Predator Control and Wildlife Management

Wildlife management is about providing and manipulating plant communities. It’s commonly referred to as habitat management, and it’s critical for the survival of many plant and animal species. Sometimes wildlife management is also about predators. Predators are wildlife, but the term predators does necessarily refer to any particular animal. Some predators are generalist, some are quite specific. A skunk may be a predator of ground nesting birds, but not of birds that nest in trees. Raccoons would be more likely to climb and impact critters found in trees.

Native and introduced predators abound in most plant communities. Indigenous predators such as coyote and bobcat prey on many wildlife species including white-tailed deer. In fact, studies indicate significant fawn losses due to coyote predation. Fecal sample analysis of coyotes found deer hair in droppings during every month of the year. Native predators, such as bobcats, coyotes, raccoons, skunks, foxes, and snakes, have an impact on birds, small mammals and herptofauna.

Predator Control for Wildlife Management

While natural predators are an integral part of an ecosystem, it is sometimes desirable to control their numbers just as it is a deer population. Implementation of a predator control program may be an effective tool in protecting some wildlife species, such as bobwhite quail. The optimum time for coyote control to reduce impact on fawns is from January through March, before coyote pups and deer fawns are born. Non-native species that can be detrimental to wildlife populations are fire ants and feral hogs.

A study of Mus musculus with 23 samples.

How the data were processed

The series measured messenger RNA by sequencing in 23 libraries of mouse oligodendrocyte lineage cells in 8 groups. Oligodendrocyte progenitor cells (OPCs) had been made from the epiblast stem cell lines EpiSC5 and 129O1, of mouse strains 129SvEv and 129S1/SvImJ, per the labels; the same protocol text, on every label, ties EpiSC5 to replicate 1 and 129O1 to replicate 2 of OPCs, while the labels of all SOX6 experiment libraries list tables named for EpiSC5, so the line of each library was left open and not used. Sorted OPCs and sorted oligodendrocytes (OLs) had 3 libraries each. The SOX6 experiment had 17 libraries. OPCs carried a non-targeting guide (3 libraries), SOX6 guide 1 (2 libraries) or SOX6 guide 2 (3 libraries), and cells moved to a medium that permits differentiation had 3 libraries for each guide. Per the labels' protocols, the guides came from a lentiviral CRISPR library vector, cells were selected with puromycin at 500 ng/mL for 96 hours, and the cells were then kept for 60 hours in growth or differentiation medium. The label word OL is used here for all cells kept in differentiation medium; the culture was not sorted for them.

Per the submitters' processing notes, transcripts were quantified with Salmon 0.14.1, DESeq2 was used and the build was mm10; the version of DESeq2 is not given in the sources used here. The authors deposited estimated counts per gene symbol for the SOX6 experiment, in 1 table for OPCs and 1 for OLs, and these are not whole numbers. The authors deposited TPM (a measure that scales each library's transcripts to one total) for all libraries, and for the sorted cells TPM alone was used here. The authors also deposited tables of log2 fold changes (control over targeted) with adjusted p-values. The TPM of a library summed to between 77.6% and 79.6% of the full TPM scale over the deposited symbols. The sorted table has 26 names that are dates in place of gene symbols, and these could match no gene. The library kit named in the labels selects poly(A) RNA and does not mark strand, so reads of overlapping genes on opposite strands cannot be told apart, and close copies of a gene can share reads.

Areas with high densities of fire ants can impact the survival of many wildlife species. Fire ants attack deer fawns, young birds, small mammals, and reptiles. Furthermore, fire ants compete with species such as Texas horned lizards and young quail for food. This limiting factor may be the most significant reason for the decline of these species.

It is generally not practical or necessary to attempt to control fire ants on large land tracts of land, but it is often useful to attempt to establish some fire-ant free areas. The product Logic is one choice for fire ant control. Some studies have indicated that it works best when used in September because of the time lag. September use is reported to control fire ants through the bird nesting season the following spring.

Feral hogs should be controlled by shooting, hog trapping, and using dogs whenever possible. Most success at this usually occurs during the winter when feral hogs are having to travel more to find food. Besides rooting up pastures, feral hogs compete directly with deer, turkey and most other wildlife species that rely heavily on acorns and other hard and soft mast for winter food. Deer also tend to avoid areas when feral hogs are present.

In summary, sometimes wildlife management means predator control. It is possible to manage for certain wildlife species and against others. In most cases however, predator control for the sake of one species usually has benefits that are greater than just a single species. Predator control is not for everyone, and is not always warranted, but it can be a critical part of wildlife management depending on the situation.